Can You Deduct Handicapped Home Improvements?

Some home improvements for handicapped persons are tax deductible. (Image: NA/PhotoObjects.net/Getty Images)

Persons with disabilities face many challenges in today's world. However, the Internal Revenue Service has helped homeowners, through tax deductions and credits, improve the residence of disabled persons. Specific medical improvements qualify for tax deductions and tax credits for the homeowner under IRS regulations.

Tax Deductible Requirements

Home improvement tax deductions require the homeowner to increase the value of the home in order to receive a tax deduction. Medical home improvements, such as wider doors and windows, are tax deductible whether the value of the property increases or not. The lack of a home value improvement allows disabled persons to utilize the tax deductions for minor home improvements.

Medical Home Improvement Deductible Items

The IRS maintains a list of deductible home improvements on IRS Publication 502. Items not listed may be included using a recommendation from a doctor. Items covered by the IRS include: chair lifts for stairs, wheelchair ramps, bathroom railings, widening doors and windows and lowering counters and cabinets. A doctor recommendation may include other improvements, pending approval from the IRS. A tax professional or the IRS customer service center can help a homeowner know if an improvement is deductible.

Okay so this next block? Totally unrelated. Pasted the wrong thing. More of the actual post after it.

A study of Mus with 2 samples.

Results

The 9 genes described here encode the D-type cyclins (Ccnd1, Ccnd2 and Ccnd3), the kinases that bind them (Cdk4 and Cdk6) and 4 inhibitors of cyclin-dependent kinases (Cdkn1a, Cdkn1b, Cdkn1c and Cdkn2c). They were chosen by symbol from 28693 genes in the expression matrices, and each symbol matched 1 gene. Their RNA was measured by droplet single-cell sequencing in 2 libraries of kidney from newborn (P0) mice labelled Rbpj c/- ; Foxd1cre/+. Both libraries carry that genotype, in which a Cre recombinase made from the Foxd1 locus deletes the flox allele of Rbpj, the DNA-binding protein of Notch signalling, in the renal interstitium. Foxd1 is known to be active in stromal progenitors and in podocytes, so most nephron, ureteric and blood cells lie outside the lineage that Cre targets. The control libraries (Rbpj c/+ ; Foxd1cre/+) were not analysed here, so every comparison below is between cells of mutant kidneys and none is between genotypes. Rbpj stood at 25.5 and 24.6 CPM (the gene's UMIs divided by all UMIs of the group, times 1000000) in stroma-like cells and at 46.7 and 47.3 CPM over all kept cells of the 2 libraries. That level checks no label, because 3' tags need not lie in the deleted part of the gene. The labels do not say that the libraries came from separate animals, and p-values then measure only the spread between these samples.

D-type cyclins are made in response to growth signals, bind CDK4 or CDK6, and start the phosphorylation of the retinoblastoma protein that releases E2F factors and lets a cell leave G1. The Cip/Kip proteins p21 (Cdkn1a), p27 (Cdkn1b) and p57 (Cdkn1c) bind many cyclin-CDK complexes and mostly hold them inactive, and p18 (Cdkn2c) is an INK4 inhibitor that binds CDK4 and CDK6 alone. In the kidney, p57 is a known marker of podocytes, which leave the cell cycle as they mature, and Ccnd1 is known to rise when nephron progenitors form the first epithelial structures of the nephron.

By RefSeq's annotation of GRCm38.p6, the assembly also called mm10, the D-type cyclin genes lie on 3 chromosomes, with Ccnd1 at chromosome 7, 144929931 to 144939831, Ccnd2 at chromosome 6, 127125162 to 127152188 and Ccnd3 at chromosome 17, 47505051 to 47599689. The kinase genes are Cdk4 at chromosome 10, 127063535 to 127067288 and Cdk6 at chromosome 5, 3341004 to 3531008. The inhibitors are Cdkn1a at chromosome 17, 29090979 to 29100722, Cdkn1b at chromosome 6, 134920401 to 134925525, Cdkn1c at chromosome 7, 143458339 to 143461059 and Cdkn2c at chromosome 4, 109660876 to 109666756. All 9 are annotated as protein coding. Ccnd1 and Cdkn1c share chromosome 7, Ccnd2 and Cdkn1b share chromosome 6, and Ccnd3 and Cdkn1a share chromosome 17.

Tax Deduction Amounts

When calculating the deductible amount from your taxes, consider any increase in the value of a home. If the value of the home increases, the deduction is the amount of the increase. In the event that a home's value does not increase, the whole cost of the improvement may be deducted as a medical expense, instead of a home improvement expense. Any maintenance or upkeep costs for the improvement are also deductible on an annual basis.

Medical Expense Requirements

For home improvements that qualify as medical expenses, the IRS requires the cost of the improvement to be greater than 7.5 percent of adjusted gross income. Expenses that do not cost more than 7.5 percent of adjusted gross income are not deductible as medical expenses. In the event that medical expenses do not cost more than 7.5 percent of adjusted gross income, and do not increase the valuation of the home, the expense is not deductible under 2011 IRS tax codes.